East, West, Yorkshire’s best. We have everything here, including the very first bit of the Greenwich Prime Meridian: zero longitude, the dividing line between East and West. It makes its first landfall after the North Pole at a caravan park in Tunstall, on the windy Holderness coast. Just a few miles of flat farmland later, it leaves the great county and continues its beeline over the muddy Humber to Cleethorpes and the world beyond.
And, today, I rode it – well, as close as you can get, which meant a lot of wiggling on country lanes. You can see a map of the route at the bottom of this page.
Of course, there’s nothing geological or ‘natural’ about the Meridian. There’s no physical meaning to it, nothing visible on the ground or in the air. It’s a conceit, a device, a notional line for global clocks to zero on.
And a political bargaining chip. In 1884, Britain managed to bulldoze the world into taking Greenwich as their reference, because we were a major power respected internationally.
Not now, obviously. For a taste of those old heady days you’d have to go back to, oh, maybe 22 June 2016.
Anyway, a long-distance walking route follows the Meridian from Yorkshire all the way down to the south coast, and indeed people have cycled it (or as near as possible).
As well as the much-touristed monument in Greenwich itself, there are dozens, perhaps hundreds, of markers showing the line’s course down Britain (such as one in Cleethorpes). Well, Yorkshire has three of them, formerly four, and I visited them all today.
After starting out dodging polar bears in the frozen wastes of the North Pole, the zero line washes up on East Yorkshire’s coast at a caravan park. Sand le Mere is named after a lake that used to be here, and its accompanying village. Both were lost centuries ago to the North Sea, which erodes the coastline here faster than anywhere else in Europe.
Yorkshire is famous for having more acres (3,883,979 in 1901, when it was at full historical extent) than letters in the Bible (3,116,480 in the King James version). Is the title in danger? No. Even at present erosion rates, losing about 18.5 acres a year, we have another 415 centuries or so until parity.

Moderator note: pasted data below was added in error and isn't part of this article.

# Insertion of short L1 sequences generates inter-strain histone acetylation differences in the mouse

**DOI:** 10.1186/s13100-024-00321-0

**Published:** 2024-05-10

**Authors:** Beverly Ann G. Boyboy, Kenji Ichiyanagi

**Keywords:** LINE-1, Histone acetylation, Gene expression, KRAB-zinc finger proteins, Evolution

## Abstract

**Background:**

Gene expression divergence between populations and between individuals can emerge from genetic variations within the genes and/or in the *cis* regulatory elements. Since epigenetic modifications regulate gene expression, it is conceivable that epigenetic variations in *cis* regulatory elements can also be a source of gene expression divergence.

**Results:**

There used to be a monument on the beach showing the position of the Meridian, but it, too, has been gobbled up by the waves. (The caravan park is steadily losing pitches, too. That sea view gets steadily closer.) There’s only a scattering of rubble now. I wandered around until my phone’s map app displayed 0 as the longitude. This was the start of the Yorkshire Greenwich Meridian Trial.
Sand le Mere caravan park itself contains a quirky piece of architectural history. It’s a rare surviving example of the K4, a short-lived 1930s experiment that combined phonebox with postbox.
I remember visiting it in the 1980s. Then it was a few hundred yards further east, along a lane, by a car park – all now gone, claimed by the sea. The K4, being a listed structure, was moved inland to safety in the early 2000s.
None of it is operational now, just in case you were thinking of posting something and calling the recipients to alert them at the same time.
I headed south, roughly following the Meridian, having to divert through the seaside resort of Withernsea. There are two roadside markers for the line, the first on the B1362 just east of Church Lane, and the second on the B1445 just outside Patrington.
The signs are identical, apart maybe from the graffiti, though the southern one of the two has a shiny plaque with a map. So shiny I couldn’t actually read it.
This is an austere land of flat farmland, big skies, and wind turbines. Empty lanes run south to Patrington Haven and Sunk Island (which is neither an island, nor sunk). Outstray Road’s lonely tarmac alongside a drain gives out to a gravel lane, which then becomes a grassy track running west alongside the Humber. Its influence on British landscape art is well-known – everyone knows it’s none at all.
This scenery ain’t no oil painting, but there is something sparsely thrilling and elemental about all the waves, wind, water, wetlands and waders. There may not be much wow factor, but there are plenty of other Ws.
I plodded along to the Meridian Marker. To my left, a thin blue-grey line on the watery horizon: Spurn Point, visibly now cut off from the mainland, an island in the making. The shimmering steely waters of the Humber, plied with shipping. The dramatic tower of Grimsby Docks, a bizarre piece of Italianate architecture in Lincolnshire.
And there, in front of me, the concrete monument showing where the zero line leaves Yorkshire and heads to Greenwich, then France, Spain, Algeria, Mali, Burkina Faso, Togo, Ghana and ultimately Antarctica.
I couldn’t resist one more piece of quirkery. A few miles away in Kilnsea, the gateway village for Spurn Point, is a World War I Sound Mirror. Several of these giant concrete dishes were constructed round Britain’s south and east coasts, the idea being that they focused the exact frequency of German zeppelins on to a microphone, which could detect the invaders early.
There was one problem. They didn’t work, and they were quickly abandoned in favour of the exciting new science of radar. A handful of sound mirrors remain, including this one in a farmer’s field, looking like an upended giant’s ashtray. A footpath from the adjacent nature reserve, past a couple of bird hides, gives a good view.
I listened carefully. All I could hear was wind, waves and water. I was happy. But it was time to leave the mystic east behind, and return to the logical, rational west.